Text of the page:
How to Select Sales Managers Who Can Actually Manage

Frank V. Cespedes



goldfish-1Sales leaders face a conundrum when selecting sales managers from the rep ranks. Most firms have examples of successful salespeople who are disasters as managers because they persist in the same behaviors as a manager that helped them excel as an individual contributor. With this in mind, some industry thought leaders believe sales management candidates should be pulled from another talent pool entirely.

On the other hand, a sales manager can benefit from experience as a rep in that particular sales organization to boost credibility among their direct reports. And credibility is required to conduct candid performance reviews, make compensation decisions, implement necessary account reallocations, and other vital sales management responsibilities. Considering these two conflicting facts, what’s a sales leader to do?

To identify salespeople who can become effective sales managers, leaders need to clearly define the specific behaviors required of managers, and then test for them effectively. And this actually isn’t so hard if you use the right framework and assessment techniques, and then use that knowledge and tools to communicate shared expectations with those aspiring to be sales managers.

Choosing Sales Managers Using the Four Stages Framework

The role of a sales rep differs from that of a sales manager considerably, and with good reason: one is an individual contributor, while the other depends on the success of others for their results.

When choosing a sales manager from a cadre of salespeople, I find it helpful to keep a Four Stages model of career development in mind. Based on decades of ongoing research by Gene Dalton, Paul Thompson and others, it identifies progressive types of behaviors that allow high performers to remain high performers as they handle responsibilities of greater scale and scope: 

  1. Helping and learning
  2. Contributing independently
  3. Contributing through others
  4. Shaping organizational direction

These stages often (but not always) correspond to recognizable titles: assistant or entry-level contributor, individual contributor, manager, and leader. But there are exceptions -- consider the aphorism “some people have twenty years of experience, while others have one year of experience twenty times.” Even a “vice president” is a stage one employee if he or she cannot leverage the contribution of others. The relevant issue is behavior on the job, not job title.

A sales rep being targeted for a promotion to management will have to move from stage two to stage three. Right off the bat, this eliminates anyone grouped into stage one. And since each stage builds off the competencies of the one below it, a sales management candidate should be an exemplary individual contributor, not merely an average one.

At stage three, a new sales manager will need to develop many new skills and capabilities. These include broadening organizational knowledge, forging connections across groups, clearly understanding the big picture context of how sales fits into and works with the company as a whole, representing their team to external stakeholders, and coaching and developing their subordinates to achieve.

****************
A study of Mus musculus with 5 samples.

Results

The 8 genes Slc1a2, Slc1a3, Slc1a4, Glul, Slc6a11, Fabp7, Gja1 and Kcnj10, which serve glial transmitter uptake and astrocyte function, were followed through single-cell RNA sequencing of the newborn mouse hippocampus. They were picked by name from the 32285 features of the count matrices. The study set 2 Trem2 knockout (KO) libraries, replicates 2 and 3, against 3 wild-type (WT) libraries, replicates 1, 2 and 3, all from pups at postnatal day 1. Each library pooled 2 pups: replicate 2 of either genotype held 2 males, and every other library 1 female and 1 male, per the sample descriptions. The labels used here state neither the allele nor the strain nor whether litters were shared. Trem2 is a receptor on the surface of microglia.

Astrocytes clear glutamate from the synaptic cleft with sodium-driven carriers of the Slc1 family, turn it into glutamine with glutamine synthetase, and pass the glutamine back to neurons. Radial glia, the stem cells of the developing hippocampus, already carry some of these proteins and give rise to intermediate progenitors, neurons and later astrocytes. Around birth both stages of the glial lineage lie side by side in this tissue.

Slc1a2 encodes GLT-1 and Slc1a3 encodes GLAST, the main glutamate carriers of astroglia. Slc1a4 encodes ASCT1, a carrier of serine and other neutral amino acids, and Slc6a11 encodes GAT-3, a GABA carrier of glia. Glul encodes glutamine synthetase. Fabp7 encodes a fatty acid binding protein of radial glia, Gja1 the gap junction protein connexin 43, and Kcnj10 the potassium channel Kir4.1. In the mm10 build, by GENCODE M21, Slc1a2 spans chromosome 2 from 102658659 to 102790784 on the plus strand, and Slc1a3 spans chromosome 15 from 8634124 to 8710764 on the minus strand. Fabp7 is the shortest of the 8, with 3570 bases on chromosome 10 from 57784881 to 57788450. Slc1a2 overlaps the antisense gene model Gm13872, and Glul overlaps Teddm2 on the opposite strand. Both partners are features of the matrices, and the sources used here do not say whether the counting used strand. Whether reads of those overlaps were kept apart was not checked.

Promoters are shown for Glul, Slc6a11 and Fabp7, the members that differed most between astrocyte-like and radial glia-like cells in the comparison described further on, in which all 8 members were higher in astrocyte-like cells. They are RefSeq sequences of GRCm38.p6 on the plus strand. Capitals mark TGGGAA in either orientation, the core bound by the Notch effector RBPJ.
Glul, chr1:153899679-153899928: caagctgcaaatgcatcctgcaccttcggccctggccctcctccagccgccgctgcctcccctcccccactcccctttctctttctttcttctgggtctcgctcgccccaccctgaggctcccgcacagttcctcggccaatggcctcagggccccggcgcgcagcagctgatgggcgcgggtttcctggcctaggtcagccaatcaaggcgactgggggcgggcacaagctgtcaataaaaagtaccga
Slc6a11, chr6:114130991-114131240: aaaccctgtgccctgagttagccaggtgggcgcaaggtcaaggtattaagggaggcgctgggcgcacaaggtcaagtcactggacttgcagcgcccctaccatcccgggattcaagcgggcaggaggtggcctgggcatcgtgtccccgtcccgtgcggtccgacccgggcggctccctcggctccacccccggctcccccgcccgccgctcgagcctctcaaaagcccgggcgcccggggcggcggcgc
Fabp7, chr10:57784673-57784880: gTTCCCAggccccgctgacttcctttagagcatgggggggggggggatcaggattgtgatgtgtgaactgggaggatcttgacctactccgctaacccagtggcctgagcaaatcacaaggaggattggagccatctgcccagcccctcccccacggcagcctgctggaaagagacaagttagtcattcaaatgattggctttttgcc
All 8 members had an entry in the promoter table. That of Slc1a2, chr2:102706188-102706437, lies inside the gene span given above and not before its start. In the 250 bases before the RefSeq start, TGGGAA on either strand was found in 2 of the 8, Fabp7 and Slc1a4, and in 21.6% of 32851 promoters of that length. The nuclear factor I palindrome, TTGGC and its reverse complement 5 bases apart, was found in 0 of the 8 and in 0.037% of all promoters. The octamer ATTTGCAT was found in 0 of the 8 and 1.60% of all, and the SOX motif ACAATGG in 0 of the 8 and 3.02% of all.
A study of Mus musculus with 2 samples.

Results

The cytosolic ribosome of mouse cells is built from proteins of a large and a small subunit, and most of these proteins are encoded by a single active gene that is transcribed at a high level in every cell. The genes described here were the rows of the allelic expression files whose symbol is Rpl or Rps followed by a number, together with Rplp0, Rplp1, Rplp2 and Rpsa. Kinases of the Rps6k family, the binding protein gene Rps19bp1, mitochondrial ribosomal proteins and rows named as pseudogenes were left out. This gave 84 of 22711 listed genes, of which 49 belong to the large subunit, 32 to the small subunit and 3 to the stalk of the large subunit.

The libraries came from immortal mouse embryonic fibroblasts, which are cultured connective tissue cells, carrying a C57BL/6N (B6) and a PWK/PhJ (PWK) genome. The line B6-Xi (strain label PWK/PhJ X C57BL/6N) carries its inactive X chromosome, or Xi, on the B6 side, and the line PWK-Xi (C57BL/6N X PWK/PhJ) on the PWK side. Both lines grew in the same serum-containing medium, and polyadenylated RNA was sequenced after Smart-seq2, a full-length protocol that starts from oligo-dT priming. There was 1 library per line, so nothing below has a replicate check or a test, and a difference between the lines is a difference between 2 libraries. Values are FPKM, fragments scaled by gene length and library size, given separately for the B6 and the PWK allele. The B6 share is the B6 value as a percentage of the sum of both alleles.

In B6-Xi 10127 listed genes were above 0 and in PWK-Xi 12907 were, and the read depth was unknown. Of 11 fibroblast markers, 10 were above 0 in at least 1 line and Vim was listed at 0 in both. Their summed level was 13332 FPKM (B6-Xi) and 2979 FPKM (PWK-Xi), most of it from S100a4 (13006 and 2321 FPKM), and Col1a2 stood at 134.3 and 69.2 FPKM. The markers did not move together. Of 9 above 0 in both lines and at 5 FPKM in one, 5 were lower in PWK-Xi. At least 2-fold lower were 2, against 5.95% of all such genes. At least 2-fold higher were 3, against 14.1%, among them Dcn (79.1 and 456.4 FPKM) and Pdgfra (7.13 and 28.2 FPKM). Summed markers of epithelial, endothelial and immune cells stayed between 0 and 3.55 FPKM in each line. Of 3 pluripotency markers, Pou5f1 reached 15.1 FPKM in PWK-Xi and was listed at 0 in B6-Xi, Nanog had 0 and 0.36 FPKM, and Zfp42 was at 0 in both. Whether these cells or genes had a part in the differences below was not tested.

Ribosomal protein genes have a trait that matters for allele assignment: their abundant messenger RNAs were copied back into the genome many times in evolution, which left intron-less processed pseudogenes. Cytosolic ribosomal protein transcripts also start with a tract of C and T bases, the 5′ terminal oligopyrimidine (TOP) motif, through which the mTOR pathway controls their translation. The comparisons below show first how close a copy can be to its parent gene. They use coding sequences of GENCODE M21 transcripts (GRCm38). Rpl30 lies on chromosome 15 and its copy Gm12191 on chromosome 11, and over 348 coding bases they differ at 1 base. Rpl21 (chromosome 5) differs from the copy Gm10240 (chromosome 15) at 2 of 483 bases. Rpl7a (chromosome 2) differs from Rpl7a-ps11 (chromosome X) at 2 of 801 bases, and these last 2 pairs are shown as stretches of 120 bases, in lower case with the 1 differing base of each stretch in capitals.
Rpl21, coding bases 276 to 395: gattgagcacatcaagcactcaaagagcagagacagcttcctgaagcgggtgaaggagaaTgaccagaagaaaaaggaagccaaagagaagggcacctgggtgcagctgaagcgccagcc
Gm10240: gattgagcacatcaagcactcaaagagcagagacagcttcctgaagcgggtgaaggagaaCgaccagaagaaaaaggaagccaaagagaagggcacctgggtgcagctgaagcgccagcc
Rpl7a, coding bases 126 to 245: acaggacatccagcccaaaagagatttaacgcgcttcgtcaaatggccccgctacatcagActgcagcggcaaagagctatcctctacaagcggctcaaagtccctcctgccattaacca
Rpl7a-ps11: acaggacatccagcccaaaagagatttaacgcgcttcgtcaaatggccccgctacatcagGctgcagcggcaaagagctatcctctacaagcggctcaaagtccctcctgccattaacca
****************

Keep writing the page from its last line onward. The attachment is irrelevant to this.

Keeping these essential sales manager goals and tasks in mind can help you more carefully select for them and, equally important, develop a communicable view about what it takes to move from rep to manager and the developmental experiences relevant to that journey.

Scrap Interviews in Favor of Behavioral Assessments

But identifying the relevant tasks is only half the battle. How should you assess your candidate’s ability to execute on these responsibilities?

Most people’s first inclination is to conduct an interview. However, research shows that there is only about a 14% correlation between a hiring manager’s perception of a candidate’s potential for success based on an interview and how the candidate actually performs in the role. In other words, if hiring accuracy is what you’re after, interviews aren’t the best bet.

Instead, I suggest that you investigate some kind of behavioral assessment technique. This could be a role play exercise, assignment, or test. For instance, Procter & Gamble provides sales candidates a selling situation case study in advance of their interview, and the job hopeful needs to select target customers and formulate a sales pitch. They then present their project to the hiring managers.

This example is for a rep position, but your organization can easily tailor assessments for sales managers with the stage three tasks in mind. Technology to help administer behavioral assessments is also becoming more prevalent and affordable. The options now include game-like managerial simulations, virtual video environments, and online media -- evaluate your options if you deem a system necessary. But don’t rely solely on interviews because the best results, by far, occur when you can observe relevant job behaviors, not only the talk and track record in a different job.

Don’t just leave the selection of sales managers to gut feel. Use the appropriate framework and assessment techniques to identify, promote, and develop better sales managers.  

Want to read more? Check out my new book, Aligning Strategy and Sales: The Choices, Systems, and Behaviors That Drive Effective Selling.